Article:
So far this season,105 children have died from the flu, according to data released Friday by the US Centers for Disease Control and Prevention. This is the highest number of child flu deaths at this point in the season since the CDC started keeping records in 2004, except for the 2009 flu pandemic.
It has been an "unusual" flu season with a higher proportion of children and young adults affected than the older population, according to Dr. William Schaffner, an infectious disease specialist at Vanderbilt University Medical Center.
The earlier prevalence of influenza B -- a flu strain that tends to be more common in children -- could be a reason why more children were affected, Schaffner said. Also, as the number of influenza B cases decreased, the number of H1N1 cases increased, he said. H1N1 is a subtype of the influenza A strain, which also affects children more than adults.
"This is the first time in 25 years where [influenza B] became so common so early," said Dr. Buddy Creech, an associate professor of pediatric infectious diseases at Vanderbilt University Medical Center.
Neither Schaffner nor Creech know why this year's influenza timeline is so different.
"It's leaving all influenza virologists puzzled," Schaffner said.
That earlier influenza B peak may be one reason why there are more pediatric flu-related deaths than usual, according to Schaffner.
Also, influenza B can present with unexpected symptoms, so parents might not seek care right away, according to Creech.
"Often influenza B is more likely to cause gastrointestinal symptoms than influenza A, though both can in young children," he said. "Some parents don't recognize these symptoms as part of influenza ... which may delay thinking of influenza and delay treatment."
Gastrointestinal symptoms, such as vomiting, can also impact one's ability to take antivirals that can shorten the flu's duration, he said.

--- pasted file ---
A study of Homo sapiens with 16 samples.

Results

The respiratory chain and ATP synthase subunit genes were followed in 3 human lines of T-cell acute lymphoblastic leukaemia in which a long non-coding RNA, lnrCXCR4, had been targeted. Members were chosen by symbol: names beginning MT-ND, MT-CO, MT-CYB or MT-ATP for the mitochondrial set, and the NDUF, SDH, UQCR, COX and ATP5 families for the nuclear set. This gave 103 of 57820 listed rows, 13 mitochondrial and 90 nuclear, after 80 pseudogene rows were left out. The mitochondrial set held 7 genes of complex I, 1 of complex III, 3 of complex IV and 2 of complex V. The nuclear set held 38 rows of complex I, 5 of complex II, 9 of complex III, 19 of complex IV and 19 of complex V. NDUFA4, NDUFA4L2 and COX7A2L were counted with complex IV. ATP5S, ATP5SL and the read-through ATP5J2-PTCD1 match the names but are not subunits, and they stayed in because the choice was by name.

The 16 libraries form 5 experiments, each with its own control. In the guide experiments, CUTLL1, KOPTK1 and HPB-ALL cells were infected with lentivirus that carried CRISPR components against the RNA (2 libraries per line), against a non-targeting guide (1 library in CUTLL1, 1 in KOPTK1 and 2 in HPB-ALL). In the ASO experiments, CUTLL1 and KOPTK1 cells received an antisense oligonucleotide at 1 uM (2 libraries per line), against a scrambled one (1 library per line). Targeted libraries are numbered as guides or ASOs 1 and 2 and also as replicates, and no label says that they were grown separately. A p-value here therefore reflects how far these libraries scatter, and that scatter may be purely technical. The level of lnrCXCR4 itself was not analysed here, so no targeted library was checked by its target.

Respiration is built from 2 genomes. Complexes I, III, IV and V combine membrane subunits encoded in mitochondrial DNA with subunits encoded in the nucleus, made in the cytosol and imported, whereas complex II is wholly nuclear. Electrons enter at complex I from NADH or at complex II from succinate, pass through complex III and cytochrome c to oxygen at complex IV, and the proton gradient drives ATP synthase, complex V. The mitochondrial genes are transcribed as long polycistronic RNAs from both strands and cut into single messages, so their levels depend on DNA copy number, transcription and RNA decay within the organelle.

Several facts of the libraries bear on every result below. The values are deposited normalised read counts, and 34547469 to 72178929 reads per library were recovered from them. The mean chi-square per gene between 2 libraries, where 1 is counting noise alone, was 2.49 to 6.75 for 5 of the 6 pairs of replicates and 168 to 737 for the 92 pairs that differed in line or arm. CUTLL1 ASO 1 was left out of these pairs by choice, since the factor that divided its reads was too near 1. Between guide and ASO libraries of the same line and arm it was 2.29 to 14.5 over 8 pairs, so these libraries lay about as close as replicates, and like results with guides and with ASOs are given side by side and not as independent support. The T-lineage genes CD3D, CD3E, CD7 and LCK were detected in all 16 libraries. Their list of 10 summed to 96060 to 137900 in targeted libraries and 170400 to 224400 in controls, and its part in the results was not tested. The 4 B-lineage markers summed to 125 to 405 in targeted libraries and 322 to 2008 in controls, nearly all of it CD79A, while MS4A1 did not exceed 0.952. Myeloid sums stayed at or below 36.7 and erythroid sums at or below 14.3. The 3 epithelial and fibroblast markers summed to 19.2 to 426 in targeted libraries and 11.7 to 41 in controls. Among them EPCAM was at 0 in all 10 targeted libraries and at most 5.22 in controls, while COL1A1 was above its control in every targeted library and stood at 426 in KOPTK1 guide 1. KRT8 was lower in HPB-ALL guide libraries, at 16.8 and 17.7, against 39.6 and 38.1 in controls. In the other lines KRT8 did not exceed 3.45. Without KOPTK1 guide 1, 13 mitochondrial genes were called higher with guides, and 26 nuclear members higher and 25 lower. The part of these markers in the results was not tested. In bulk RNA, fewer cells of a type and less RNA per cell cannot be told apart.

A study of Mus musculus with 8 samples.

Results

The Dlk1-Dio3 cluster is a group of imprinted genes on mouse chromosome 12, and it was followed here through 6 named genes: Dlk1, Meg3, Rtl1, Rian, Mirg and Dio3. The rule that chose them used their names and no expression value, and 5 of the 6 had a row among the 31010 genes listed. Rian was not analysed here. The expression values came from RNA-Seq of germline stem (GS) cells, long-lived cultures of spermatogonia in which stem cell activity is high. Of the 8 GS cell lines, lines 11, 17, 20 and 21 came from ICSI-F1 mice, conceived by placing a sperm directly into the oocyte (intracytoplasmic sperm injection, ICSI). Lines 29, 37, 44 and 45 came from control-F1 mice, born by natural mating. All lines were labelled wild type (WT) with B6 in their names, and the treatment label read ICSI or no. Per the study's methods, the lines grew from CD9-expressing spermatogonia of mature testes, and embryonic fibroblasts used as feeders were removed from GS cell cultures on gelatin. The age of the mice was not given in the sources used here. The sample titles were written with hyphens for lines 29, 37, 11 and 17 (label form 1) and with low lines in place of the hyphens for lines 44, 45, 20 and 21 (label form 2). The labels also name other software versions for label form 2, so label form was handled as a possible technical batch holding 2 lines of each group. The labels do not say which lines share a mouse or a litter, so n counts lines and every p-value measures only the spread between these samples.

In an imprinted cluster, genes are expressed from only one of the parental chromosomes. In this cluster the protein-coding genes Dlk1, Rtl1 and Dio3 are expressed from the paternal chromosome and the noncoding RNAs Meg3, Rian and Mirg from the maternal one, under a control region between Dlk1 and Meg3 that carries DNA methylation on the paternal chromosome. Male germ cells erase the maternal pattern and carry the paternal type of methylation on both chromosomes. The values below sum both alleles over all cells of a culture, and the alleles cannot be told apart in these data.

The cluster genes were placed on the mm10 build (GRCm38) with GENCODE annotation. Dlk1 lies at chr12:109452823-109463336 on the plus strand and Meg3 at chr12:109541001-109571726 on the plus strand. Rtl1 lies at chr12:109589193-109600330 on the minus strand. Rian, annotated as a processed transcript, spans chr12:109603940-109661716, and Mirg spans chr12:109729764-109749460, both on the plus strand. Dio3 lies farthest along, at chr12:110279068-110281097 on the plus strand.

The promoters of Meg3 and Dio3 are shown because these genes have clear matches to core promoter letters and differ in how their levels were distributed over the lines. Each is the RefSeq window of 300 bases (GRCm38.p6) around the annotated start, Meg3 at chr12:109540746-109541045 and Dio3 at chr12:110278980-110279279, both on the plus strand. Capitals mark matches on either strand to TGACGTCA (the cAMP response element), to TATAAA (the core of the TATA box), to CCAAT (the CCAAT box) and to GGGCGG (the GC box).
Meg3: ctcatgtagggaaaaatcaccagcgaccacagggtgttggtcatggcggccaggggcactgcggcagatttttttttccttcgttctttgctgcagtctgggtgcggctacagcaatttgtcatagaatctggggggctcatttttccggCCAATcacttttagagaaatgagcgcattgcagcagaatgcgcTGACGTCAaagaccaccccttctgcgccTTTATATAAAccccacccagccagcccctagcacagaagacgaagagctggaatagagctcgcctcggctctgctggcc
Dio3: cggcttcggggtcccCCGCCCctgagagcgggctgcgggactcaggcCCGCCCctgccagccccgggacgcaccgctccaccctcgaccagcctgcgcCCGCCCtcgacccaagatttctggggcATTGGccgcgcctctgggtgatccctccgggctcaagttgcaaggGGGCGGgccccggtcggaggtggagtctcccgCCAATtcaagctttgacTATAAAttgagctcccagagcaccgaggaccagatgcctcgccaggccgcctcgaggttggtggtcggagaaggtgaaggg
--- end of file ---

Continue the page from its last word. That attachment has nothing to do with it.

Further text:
Another reason for the higher number of flu-related deaths in children might not be specific to kids at all.
"It could just be a reflection of a particularly severe season," said Dr. Arnold Monto, a professor of epidemiology at the University of Michigan School of Public Health. Monto noted that there are many flu-related deaths among children every year in the United States.
He agreed that it's an odd season that may last longer.
"We may have the flu going into April this year because it's still going strong right now," he said.
Given the uncertainty about how long this flu season will last, Monto recommended getting an influenza vaccine, explaining that the children who die from the flu are more likely to be the ones who weren't vaccinated.
The CDC said this week it considers the current flu shot to be "substantial protection" for children ages 6 months to 17 years old.
Schaffner also said everyone should get vaccinated, especially since the flu can strike a perfectly healthy individual and cause severe illness. At least half of the children who die from the flu were otherwise healthy, he said.
"[The vaccine] may not prevent the illness completely," Schaffner said, "but if you're vaccinated and you still get the flu, you're more likely to have a less severe infection ... Your risk of dying is less."